Water of Life

Bottled water has become a multi-billion dollar business. National brands cost more per gallon than gasoline. Industry representatives spend millions annually touting the merits of bottled elixirs over tap water. However, studies suggest no discernible difference between designer and faucet water.

During my childhood, no one thought much about water. Every faucet tapped into an inexhaustible supply. We took long baths with shower heads that dispensed enough pressurized water to peel paint. Oversized commodes flushed away countless gallons with a satisfying rush of liquid. When the plumbing ran too long, jiggling the handle took care of the problem.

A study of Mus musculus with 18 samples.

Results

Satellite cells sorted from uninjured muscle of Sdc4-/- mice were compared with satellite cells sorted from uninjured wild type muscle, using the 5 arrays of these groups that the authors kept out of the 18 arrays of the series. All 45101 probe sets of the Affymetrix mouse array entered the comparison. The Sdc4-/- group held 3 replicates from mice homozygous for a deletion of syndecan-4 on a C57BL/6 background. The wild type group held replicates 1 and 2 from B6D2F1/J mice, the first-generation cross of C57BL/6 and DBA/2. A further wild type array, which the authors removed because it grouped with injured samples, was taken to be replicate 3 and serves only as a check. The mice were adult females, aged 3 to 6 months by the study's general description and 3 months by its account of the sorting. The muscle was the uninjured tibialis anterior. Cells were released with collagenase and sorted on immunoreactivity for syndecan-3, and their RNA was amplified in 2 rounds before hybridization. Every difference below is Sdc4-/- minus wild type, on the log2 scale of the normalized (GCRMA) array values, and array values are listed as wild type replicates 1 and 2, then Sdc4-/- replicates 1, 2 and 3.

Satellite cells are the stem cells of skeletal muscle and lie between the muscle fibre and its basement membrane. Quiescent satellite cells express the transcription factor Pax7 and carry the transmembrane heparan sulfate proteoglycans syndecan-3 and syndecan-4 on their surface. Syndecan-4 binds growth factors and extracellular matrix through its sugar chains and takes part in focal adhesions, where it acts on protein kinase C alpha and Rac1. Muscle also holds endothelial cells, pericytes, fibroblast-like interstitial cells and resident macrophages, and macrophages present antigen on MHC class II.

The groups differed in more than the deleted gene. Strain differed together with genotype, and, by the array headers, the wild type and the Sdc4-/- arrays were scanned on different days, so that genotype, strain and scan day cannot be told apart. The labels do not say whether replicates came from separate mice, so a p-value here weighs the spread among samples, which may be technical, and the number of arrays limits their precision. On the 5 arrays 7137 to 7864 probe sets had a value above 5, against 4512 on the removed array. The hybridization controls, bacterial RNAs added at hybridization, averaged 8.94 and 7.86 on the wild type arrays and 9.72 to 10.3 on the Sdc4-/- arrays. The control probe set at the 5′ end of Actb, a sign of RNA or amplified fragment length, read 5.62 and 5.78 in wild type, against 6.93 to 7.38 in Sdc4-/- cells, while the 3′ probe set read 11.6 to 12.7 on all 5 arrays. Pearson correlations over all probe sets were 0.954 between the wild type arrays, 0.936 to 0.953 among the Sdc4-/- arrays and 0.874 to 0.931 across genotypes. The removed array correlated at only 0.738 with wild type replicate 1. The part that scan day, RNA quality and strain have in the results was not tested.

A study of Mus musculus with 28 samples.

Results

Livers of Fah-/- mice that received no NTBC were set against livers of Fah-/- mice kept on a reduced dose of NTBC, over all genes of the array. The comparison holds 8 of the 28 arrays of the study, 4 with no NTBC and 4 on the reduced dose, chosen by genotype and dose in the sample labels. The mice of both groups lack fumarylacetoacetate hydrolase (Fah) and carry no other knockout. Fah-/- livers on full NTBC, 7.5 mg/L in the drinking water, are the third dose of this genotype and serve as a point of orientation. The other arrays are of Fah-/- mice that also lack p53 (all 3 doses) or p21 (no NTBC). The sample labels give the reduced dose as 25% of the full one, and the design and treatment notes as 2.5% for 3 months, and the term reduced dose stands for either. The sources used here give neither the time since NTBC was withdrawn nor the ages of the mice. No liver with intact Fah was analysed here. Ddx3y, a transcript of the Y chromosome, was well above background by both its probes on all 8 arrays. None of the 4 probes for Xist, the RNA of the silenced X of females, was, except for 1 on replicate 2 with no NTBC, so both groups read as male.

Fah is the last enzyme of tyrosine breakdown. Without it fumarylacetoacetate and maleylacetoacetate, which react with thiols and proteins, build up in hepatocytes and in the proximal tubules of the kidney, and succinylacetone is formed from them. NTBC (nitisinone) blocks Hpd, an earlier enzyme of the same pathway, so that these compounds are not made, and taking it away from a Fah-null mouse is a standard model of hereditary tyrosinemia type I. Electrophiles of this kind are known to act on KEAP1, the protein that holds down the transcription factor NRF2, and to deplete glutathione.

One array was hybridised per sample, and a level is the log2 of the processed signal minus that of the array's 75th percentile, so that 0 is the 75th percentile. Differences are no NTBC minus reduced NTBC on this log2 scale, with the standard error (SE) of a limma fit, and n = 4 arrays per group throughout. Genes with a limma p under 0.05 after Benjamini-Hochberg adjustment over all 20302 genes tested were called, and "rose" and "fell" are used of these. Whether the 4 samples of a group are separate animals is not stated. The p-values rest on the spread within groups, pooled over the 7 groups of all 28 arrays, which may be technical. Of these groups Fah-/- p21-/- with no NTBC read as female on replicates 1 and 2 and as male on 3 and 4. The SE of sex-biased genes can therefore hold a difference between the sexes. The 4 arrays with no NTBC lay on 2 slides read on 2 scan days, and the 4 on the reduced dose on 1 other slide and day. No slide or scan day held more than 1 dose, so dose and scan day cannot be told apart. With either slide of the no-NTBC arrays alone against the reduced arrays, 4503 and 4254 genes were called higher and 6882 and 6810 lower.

Bottled waterI recall the first advertisements about bottled water back in the 1980s. The concept dumbfounded me. Why would people pay good money for something they could get for free? I figured the concept would die along with other fads like cell phones, satellite TV, and Apple computers.

Today grocery stores dedicate shelf after shelf to bottled water. The name brands by the major bottling companies occupy the most space. However, flavored waters with exotic ingredients have carved a niche for themselves.

The ecologically conscious now recommend using reusable bottles with tap water. Many homes and offices recycle. We have all begun to realize that natural resources are not inexhaustible resources. Water is a precious gift of creation that must be wisely utilized.

Tap, spring, artesian, or bottled—water is life. As children of the Creator, we are called to be wise stewards of this valuable commodity.